On May 15, the United States Supreme Court reversed and remanded a state court decision that invalidated an arbitration agreement.  In a visceral 7-1 decision, the Supreme Court sent a clear message to Kentucky that the state cannot circumvent the Federal Arbitration Act (“FAA”) merely because the court does not like arbitration clauses.

In Kindred Nursing Centers Limited Partnership et al. v. Clark et al., two residents of the Kindred nursing home executed powers of attorney designating their agents to act on their behalf.  Each agent entered into an agreement with Kindred which, among other things, contained an arbitration clause that bound the parties to arbitrate should a dispute arise.  Both residents subsequently died due to alleged negligent care by Kindred, resulting in their agents bringing individual wrongful death suits against the nursing home.  The trial court dismissed both claims in favor of the arbitration provision.

However, on appeal, the Kentucky Supreme Court found an explicit reference or a “clear statement” to arbitrate was needed in the power of attorney to authorize an attorney-in-fact to enter into an arbitration agreement because that agreement waived the principal’s “sacred”, “inviolate,” and “God-given” right to a jury trial under the Kentucky Constitution.

Upon grant of writ of certiorari, the U.S. Supreme Court held that the Kentucky Supreme Court did exactly what the Court had prohibited in the past, by adopting a legal rule that hampered the primary characteristic of an arbitration agreement, namely, a waiver of the right to go to court and receive a jury trial.  In writing for the majority, Justice Elena Kagan held that the “clear-statement rule” adopted by the Kentucky Supreme Court impeded the ability of attorneys-in-fact to enter into arbitration agreements, and therefore failed to put arbitration agreements on equal footing with all other contracts.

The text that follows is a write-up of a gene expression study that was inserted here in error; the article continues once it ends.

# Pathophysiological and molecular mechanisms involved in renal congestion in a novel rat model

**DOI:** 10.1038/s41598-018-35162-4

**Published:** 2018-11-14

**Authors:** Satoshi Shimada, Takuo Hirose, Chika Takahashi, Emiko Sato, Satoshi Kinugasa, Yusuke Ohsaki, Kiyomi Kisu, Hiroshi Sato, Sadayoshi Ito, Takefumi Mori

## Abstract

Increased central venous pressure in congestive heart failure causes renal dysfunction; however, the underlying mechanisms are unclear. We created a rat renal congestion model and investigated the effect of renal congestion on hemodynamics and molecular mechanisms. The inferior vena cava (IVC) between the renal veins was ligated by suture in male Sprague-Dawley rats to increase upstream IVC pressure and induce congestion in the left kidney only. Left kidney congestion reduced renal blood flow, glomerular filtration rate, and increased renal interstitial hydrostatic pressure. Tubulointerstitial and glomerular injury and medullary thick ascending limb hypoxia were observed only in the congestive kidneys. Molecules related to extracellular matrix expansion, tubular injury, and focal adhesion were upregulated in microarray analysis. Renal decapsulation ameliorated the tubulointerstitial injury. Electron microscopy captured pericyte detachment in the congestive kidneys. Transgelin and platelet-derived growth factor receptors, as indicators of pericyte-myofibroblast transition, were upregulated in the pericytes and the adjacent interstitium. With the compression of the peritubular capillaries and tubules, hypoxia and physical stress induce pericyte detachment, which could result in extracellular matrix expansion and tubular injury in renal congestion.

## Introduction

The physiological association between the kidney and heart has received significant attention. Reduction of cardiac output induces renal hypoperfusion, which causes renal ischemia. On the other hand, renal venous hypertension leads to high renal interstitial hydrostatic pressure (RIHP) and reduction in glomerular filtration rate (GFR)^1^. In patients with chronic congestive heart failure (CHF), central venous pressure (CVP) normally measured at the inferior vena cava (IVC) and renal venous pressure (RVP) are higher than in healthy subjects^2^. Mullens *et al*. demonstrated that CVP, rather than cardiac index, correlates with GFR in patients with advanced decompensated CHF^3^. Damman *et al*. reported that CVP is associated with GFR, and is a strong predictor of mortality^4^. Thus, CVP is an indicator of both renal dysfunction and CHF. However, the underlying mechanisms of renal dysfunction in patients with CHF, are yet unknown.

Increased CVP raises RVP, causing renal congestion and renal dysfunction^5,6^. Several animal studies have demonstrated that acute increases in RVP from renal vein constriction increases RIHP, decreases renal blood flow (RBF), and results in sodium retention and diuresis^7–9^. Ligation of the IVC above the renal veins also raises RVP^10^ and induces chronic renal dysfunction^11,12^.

Justice Kagan also noted that there was nothing within the Kentucky Supreme Court’s decision that suggested explicit authorization was required for an attorney-in-fact to sign a settlement agreement or consent to a bench trial in lieu of a jury trial on the principal’s behalf.  Justice Kagan found that the Kentucky Supreme Court’s position was yet another indication that the Court’s demand for specificity of powers of attorney arose from the suspect status of arbitration rather than the sacred status of jury trials.

The Kindred decision is notable for two reasons.  First, the case garnered a clear 7-1 majority; the Court made clear its intolerance for states that attempt to override the FAA.  Secondly, the Supreme Court was clear that rules and arguments that target arbitration’s effect on fundamental liberties, such as the right to a jury trial, are unlikely to succeed.